Federal employees eligible to retire now have the option to do it in stages. (Jack Gruber / /USA Today)
Employees eligible to retire could instead work half-time while receiving half a pension, under phased retirement regulations issued August 7 by the Office of Personnel Management. Retirement-eligible employees will be able to submit applications for phased retirement on Nov. 6, 90 days from the publication of the final regulations.
The long-awaited rules require than an employee work at least full time for the three years before retirement, and have accumulated enough years of service to qualify to retire, according to OPM.
As they continue to work, phased retirees also will accrue additional service credit toward their pensions. While on the job, they will have to spend 20 percent of their time mentoring younger employees, ideally those who will take over for them when they move into full retirement.
Previously: Lawmakers demand final phased retirement rules
“The regulation is another way the administration is giving agency leaders new tools to plan for the 21st century workforce,” OPM director Katherine Archuleta said in a conference call with reporters. “This program is a win-win. Employees who want to design [a] smooth transition into the next phase of their lives and agencies across government can work together to get a head start on succession planning.”
However, phased retirement must be approved case-by-case. Employees who are take voluntary early retirement are not eligible for phased retirement, according to OPM. In order to start the process of phased retirement federal employees must talk to their managers about the possibilities, according to Archuleta.
If both parties agree the employee and the agency will enter into a written agreement detailing what the duties and responsibilities of the employee will be during phased retirement - which can last as long as the agency and employee want it to, according to OPM.
“Phased retirement provides a new tool that allows managers to better provide unique mentoring opportunities for employees while increasing access to the decades of institutional knowledge and experience that retirees can provide,” Archuleta said.
Agencies can decide which positions would be eligible for phased retirement and can work out how they want to implement the new regulations, according to Mark Reinhold, associate director of employment services and chief human capital officer at OPM.
“Agencies have a lot of discretion in how to implement phased retirement within the framework of the regulation,” he said.
One potential issue is that employees applying for phased retirement must still have their annuity and application processed by OPM, which could exacerbate the backlog of retirement claims facing the agency. Once a phased retiree decides to retiree fully, that annuity and application must be processed again.
Ken Zawodny, the associate director of retirement services at OPM, said the agency is hoping that employees will not decide to file for phased retirement all at once, which could be a problem as the agency tries to reduce its current backlog of applications.
“We are hoping its spread out enough so that the impact will not be an issue,” he said.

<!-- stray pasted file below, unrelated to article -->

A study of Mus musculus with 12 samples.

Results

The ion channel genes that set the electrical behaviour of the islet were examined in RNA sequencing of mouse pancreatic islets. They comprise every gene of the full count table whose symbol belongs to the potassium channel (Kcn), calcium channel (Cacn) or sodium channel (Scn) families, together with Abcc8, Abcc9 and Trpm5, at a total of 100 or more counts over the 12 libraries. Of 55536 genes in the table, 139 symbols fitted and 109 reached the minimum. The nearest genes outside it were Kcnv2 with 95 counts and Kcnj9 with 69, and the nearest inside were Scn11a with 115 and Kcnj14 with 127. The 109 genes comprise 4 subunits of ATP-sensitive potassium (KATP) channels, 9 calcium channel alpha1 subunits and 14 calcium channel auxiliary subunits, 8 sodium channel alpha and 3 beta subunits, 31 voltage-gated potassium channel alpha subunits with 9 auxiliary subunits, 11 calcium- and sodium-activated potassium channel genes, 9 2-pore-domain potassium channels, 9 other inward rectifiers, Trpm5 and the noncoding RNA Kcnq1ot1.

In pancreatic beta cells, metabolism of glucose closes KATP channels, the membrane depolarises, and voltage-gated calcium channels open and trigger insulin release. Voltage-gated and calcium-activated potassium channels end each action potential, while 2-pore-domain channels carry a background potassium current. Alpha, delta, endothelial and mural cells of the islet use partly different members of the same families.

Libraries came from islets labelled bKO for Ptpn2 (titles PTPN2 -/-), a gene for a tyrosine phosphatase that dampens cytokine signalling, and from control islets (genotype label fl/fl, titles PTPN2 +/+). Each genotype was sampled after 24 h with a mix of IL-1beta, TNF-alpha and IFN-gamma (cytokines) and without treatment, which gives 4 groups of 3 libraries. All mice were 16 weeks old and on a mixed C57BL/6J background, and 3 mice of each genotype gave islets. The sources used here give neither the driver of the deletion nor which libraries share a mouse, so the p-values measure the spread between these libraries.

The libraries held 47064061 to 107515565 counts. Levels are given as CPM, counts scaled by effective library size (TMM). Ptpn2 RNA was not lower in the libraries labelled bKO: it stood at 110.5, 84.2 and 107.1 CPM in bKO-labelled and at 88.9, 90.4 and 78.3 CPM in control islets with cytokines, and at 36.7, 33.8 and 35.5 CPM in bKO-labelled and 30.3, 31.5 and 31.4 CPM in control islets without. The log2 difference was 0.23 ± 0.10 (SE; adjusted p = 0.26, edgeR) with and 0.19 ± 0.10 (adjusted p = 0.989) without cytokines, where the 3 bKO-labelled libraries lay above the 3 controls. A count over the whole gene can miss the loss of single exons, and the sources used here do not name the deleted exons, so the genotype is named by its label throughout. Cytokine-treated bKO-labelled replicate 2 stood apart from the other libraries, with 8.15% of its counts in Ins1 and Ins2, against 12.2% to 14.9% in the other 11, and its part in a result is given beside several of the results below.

Congress approved the law for phased retirement on June 29, 2012. Federal employees and agencies have been waiting more than two years for a rule to put it into effect.
Lawmakers wrote a letter to OPM July 9 demanding the agency finalize its draft proposal for phased retirement and said that federal employees were becoming discouraged about the lack of progress.
Rep. Elijah Cummings, D-Md., said in a statement he was pleased that OPM has issued final regulations on phased retirement after Congress authorized the law two years ago.
“I expect that phased retirement will be an invaluable tool for agencies to ensure the preservation of institutional knowledge and the readiness of a new generation of skilled workers as the baby boomers become eligible for retirement,” Cummings said.
Colleen Kelley, the president of the National Treasury Employees Union, said federal employees have been eagerly awaiting the development and finalizing of the phased retirement rules.
“For many federal employees, this program has been a long time in coming,” Kelley said. “NTEU pushed for the legislation on Capitol Hill, pushed OPM to issue the final rules, and now will push federal agencies to develop programs.”
She said the union will work with agencies to make the program as accessible and as widely available as possible for interested federal employees and will work within its collective bargaining arrangements to expand phased retirement where possible.
“From the beginning, NTEU has believed that the program should be broadly available and that remains our goal,” Kelley said. “We will be talking to the agencies where NTEU represents employees about establishing a phased retirement program and all the details that surround it.
Joseph Beaudoin, president of the National Active and Retired Federal Employees Association, said the organization had received calls almost daily from its members asking when they could participate in phased retirement and wanted the flexibility that phased retirement could bring.
“The new authority also should provide managerial flexibility, crucial during this time of austerity budgeting. Instead of losing experienced employees, agencies will be able to retain them on a part-time basis and benefit from the law’s requirement to mentor junior employees, including their replacements,” he said.